The target of their rage is no coincidence
It gives me no pleasure to report that the climate protestors are at it again. After Just Stop Oil threw soup at Van Gogh’s Sunflowers and glued themselves to Constable’s Hay Wain, a related group is following their lead and vandalising artistic monuments.
This time it’s Rome’s iconic Trevi Fountain: an 18th-century Baroque landmark and one of the most famous fountains in the world. An Italian offshoot of Just Stop Oil, Ultima Generazione (Last Generation), poured diluted charcoal into the water, blackening it and prompting angry backlash from authorities about the absurdity of an environmental “protest” that will necessitate the further wastage of thousands of litres of water to clean the fountain.
A common objection to these actions is how counterproductive they are. If your aim is winning hearts and minds, why incur the ire of ordinary people by attacking iconic and much-loved artworks? On the face of it, this makes no sense at all — at least not if you assume the idea is to carry the culture with you. Attacking artworks makes more sense, though, understood as protests not against oil but against culture as such.
Both Hay Wain and Sunflowers are intelligible within the wider arc of art history, and exist in dialogue with one another — just as the questions with which both grapple exist in dialogue with the Baroque sculptural style of the Trevi Fountain. All these artworks express aesthetic paradigms characteristic of their age’s dominant cultural assumptions.
In its structure and original purpose, the fountain itself captures the historic sweep of that dialogue: though the existing stoneworks were completed in the 18th century, there’s been a fountain on this spot since 19 BC, created to serve the people of Rome with fresh water in the days before plumbing. The spring that feeds the fountain is some 13km outside Rome, and water travels via an aqueduct originally built by the Roman statesman Agrippa.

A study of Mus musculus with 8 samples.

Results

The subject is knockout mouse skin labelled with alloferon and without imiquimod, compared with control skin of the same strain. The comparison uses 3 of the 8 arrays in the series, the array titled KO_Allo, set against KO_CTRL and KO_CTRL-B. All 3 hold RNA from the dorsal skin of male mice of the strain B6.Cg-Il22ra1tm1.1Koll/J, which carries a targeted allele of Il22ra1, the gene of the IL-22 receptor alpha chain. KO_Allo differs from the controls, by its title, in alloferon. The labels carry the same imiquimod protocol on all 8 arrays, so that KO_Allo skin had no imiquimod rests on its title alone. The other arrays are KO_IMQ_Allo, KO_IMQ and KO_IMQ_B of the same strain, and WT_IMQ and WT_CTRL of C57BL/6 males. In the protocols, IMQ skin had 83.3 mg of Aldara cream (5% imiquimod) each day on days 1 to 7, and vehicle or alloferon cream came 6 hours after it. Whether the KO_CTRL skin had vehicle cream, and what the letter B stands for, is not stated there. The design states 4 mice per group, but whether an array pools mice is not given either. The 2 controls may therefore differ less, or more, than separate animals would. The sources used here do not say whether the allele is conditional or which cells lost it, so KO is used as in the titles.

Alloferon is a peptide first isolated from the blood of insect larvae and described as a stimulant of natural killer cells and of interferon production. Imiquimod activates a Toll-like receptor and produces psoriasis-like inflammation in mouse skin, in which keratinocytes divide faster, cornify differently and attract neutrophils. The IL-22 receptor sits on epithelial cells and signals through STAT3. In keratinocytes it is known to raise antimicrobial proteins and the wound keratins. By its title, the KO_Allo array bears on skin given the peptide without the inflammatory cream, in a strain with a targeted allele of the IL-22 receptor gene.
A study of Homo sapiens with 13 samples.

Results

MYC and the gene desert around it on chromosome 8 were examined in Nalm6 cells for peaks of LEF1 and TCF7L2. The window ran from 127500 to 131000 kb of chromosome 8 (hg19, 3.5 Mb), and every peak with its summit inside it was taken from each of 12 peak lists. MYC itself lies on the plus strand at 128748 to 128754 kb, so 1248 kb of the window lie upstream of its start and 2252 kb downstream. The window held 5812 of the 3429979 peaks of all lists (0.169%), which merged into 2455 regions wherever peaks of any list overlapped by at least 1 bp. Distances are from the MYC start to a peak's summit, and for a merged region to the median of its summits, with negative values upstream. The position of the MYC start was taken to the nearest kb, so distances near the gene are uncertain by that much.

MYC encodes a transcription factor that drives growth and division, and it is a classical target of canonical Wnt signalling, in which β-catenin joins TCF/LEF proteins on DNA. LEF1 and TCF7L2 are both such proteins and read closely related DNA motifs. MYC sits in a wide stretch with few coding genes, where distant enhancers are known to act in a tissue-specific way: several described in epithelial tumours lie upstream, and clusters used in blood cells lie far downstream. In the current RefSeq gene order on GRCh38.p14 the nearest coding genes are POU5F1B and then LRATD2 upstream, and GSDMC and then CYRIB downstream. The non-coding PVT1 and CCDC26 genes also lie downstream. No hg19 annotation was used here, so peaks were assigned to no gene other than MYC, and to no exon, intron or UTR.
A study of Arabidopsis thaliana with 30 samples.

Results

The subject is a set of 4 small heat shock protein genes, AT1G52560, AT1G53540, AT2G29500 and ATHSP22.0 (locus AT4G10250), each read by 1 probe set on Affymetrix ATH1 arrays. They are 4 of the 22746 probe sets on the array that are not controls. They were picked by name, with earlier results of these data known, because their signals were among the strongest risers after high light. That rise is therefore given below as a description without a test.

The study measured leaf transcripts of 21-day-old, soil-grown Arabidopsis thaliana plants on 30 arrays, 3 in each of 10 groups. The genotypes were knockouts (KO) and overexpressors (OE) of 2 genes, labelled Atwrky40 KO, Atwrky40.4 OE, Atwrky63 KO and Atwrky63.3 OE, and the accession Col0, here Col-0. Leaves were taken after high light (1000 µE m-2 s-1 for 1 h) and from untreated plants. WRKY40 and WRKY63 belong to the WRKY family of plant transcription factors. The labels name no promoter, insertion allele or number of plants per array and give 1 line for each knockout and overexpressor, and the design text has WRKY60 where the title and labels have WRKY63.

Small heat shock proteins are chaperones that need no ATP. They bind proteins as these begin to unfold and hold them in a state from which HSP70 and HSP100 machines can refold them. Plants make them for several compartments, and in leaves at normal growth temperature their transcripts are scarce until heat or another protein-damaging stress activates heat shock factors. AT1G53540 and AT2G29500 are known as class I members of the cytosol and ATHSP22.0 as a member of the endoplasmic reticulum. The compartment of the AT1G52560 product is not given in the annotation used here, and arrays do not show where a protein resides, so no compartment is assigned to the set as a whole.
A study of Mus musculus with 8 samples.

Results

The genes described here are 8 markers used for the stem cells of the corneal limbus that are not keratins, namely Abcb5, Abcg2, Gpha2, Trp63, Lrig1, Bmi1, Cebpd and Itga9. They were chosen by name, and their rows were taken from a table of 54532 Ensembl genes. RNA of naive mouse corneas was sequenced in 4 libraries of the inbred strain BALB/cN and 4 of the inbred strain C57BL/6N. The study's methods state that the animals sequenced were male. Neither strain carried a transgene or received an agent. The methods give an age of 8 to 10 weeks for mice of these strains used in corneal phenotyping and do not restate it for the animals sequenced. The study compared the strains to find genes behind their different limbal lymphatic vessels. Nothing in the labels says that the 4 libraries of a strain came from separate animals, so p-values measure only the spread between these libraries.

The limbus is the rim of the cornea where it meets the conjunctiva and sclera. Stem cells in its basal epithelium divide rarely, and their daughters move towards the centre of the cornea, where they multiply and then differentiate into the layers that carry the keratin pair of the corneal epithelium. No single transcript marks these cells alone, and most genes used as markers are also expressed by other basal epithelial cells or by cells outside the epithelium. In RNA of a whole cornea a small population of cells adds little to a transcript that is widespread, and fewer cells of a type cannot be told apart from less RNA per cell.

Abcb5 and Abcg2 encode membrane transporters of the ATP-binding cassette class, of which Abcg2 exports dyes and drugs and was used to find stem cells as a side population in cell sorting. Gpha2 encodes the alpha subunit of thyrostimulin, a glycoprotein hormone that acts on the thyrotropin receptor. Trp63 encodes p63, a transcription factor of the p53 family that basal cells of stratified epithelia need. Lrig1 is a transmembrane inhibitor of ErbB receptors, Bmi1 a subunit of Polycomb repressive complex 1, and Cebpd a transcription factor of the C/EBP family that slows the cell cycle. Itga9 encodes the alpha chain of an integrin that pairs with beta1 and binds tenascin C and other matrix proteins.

In other words, this fountain’s cultural history has taproots all the way to ancient Rome, itself one of the civilisational roots of the culture still (mostly) globally hegemonic today. Why, then, invite the anger of pretty much everyone by attacking something whose history runs so deep?
But if you view these attacks as a continuation of the Western artistic dialogue, they do make sense. To the extent that the emergence of fossil-fuel-intensive modern society is inextricable from the broader cultural arc that produced these artworks, it’s perhaps understandable that a movement that wants to end fossil fuel use would aim its energies at the wider worldview that sees that use as indispensable — including its artistic legacy.
To put it another way: this isn’t simply an eye-catching method of garnering publicity. At some level, these are anti-cultural interventions, in a millennia-long cultural dialogue. The most charitable interpretation of what these anti-cultural interventions mean is as a warning to change course before we ruin everything: that is, as a warning that if we can’t clean up our act, all of Western culture is headed for destruction.
A bleaker reading is that these protestors view all of Western culture — including its highest aesthetic expressions — as responsible for our current destructive trajectory. And if this is so, the vandalism and even outright destruction of that heritage — Trevi Fountain and all — is simply a sad but necessary step along the road of saving the world from ourselves.